Blessing or Curse
When progressive lenses were first introduced in the 1960s they were promoted as providing a more natural form of vision which would replace bifocals and trifocals. It soon became apparent that this was not the case. Indiscriminate use of the lenses led to a very high rejection rate. Furthermore, zones of distorted vision, which are inherent in all progressive lenses, were far more problematic in earlier designs.
These distortion zones severely limited the use of this type of lens. For example, I recall a patient in her fifties who had an accident free driving record until she wore progressive lenses. Within two weeks she had scraped the side of a parked vehicle by passing too closely and reversed into a gate. Once these lenses were replaced with bifocals her driving performance was restored.
Current computer-assisted designs have minimised distortion zones and expanded the areas of clear vision, making progressive lenses the state of the art lens design for near vision problems. While there are millions of enthusiastic wearers, there are nevertheless those who are unable to tolerate this type of design.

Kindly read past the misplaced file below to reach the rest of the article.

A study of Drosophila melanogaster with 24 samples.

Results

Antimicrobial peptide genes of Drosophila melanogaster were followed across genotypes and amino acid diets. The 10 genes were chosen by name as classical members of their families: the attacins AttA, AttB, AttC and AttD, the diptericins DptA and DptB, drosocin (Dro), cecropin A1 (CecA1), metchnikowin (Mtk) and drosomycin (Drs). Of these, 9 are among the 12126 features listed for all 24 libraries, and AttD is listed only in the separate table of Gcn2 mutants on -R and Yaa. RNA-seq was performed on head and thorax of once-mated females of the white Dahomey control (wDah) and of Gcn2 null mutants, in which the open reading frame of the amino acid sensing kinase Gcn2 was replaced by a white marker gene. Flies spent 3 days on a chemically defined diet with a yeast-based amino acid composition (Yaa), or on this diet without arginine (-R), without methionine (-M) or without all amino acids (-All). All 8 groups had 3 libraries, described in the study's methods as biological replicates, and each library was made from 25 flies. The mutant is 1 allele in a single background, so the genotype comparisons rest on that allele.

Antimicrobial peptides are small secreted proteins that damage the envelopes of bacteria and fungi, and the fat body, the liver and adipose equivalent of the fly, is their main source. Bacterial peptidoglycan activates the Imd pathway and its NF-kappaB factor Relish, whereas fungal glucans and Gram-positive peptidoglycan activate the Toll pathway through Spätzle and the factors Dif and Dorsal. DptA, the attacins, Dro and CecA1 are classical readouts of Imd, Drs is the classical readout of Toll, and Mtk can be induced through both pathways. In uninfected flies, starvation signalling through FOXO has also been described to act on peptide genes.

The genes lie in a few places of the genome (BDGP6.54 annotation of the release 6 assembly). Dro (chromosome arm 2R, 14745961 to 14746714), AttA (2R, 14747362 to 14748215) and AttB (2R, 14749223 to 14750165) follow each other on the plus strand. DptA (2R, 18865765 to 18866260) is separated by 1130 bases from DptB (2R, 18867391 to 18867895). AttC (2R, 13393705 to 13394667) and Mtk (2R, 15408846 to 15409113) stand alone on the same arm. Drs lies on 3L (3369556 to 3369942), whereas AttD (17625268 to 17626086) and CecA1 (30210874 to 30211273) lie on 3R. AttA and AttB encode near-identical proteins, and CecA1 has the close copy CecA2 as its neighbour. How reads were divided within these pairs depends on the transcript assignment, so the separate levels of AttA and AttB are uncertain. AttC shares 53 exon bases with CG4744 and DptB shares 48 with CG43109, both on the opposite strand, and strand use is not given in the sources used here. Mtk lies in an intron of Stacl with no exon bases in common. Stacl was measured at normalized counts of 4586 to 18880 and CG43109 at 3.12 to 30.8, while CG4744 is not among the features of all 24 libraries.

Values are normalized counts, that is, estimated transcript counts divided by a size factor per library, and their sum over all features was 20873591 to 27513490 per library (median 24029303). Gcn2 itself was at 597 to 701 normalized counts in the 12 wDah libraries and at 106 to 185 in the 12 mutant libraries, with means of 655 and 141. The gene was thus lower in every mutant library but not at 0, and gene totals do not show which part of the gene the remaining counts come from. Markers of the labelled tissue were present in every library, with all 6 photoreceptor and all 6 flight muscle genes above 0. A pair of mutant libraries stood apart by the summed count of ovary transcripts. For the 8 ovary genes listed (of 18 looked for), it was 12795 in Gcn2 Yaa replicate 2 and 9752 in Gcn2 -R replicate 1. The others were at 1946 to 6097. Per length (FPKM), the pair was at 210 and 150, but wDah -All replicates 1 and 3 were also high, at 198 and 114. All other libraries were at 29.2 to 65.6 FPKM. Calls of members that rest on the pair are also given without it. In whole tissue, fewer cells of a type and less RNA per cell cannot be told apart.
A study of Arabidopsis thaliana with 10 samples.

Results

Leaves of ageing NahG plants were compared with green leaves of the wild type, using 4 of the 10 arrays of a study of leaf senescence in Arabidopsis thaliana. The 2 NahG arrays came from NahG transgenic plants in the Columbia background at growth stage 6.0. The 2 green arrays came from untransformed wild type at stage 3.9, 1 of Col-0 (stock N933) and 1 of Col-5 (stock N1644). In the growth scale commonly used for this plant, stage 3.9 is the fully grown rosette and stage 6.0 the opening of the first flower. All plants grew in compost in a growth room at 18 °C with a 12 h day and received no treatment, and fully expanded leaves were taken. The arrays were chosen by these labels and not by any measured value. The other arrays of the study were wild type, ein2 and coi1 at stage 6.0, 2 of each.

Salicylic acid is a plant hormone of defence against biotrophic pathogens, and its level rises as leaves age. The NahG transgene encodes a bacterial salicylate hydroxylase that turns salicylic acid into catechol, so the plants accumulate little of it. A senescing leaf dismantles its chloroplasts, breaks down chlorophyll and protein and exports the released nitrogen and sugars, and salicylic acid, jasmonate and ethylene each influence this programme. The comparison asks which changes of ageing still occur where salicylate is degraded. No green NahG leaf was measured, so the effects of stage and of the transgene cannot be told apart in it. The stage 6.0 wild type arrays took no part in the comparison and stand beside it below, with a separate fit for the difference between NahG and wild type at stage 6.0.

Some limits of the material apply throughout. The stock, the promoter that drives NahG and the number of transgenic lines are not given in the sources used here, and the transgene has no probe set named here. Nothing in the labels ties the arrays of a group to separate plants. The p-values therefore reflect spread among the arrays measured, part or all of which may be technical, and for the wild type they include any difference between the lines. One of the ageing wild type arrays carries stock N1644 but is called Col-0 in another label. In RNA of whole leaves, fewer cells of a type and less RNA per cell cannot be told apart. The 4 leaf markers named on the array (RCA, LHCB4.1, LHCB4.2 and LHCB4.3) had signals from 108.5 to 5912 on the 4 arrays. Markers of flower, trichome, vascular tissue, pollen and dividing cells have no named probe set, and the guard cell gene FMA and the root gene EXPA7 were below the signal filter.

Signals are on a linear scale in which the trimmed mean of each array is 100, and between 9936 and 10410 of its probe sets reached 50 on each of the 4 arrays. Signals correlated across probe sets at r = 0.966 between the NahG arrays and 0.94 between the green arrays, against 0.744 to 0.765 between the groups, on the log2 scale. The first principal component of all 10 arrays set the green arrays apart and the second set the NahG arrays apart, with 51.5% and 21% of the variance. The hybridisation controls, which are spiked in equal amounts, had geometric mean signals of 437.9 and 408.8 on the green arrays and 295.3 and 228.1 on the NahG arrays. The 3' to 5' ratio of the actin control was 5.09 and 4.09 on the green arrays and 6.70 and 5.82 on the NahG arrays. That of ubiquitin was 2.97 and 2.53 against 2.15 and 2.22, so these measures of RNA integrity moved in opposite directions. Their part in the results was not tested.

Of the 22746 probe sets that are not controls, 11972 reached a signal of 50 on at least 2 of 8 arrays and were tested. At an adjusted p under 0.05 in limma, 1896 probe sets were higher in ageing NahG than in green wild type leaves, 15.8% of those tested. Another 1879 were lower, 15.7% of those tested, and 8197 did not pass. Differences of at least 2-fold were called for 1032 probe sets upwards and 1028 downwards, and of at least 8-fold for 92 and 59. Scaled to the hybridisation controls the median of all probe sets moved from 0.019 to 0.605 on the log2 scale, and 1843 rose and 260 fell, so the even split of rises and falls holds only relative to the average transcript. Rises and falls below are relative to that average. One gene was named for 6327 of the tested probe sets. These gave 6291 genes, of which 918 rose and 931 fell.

There are a number of reasons for this intolerance. Sometimes dispensing errors, which are not obvious because of the invisible zones, can cause blurred vision and visual discomfort. However, all wearers, especially those who have not previously worn progressives, experience an "adaptive period" which can last from a few days to several weeks. For some patients this adaption period forms a barrier to success, while for others their visual demands, such as prolonged computer operation, make general-purpose progressives less suitable. For this reason success depends on providing realistic expectations as well as matching the lens with the patient's visual requirements.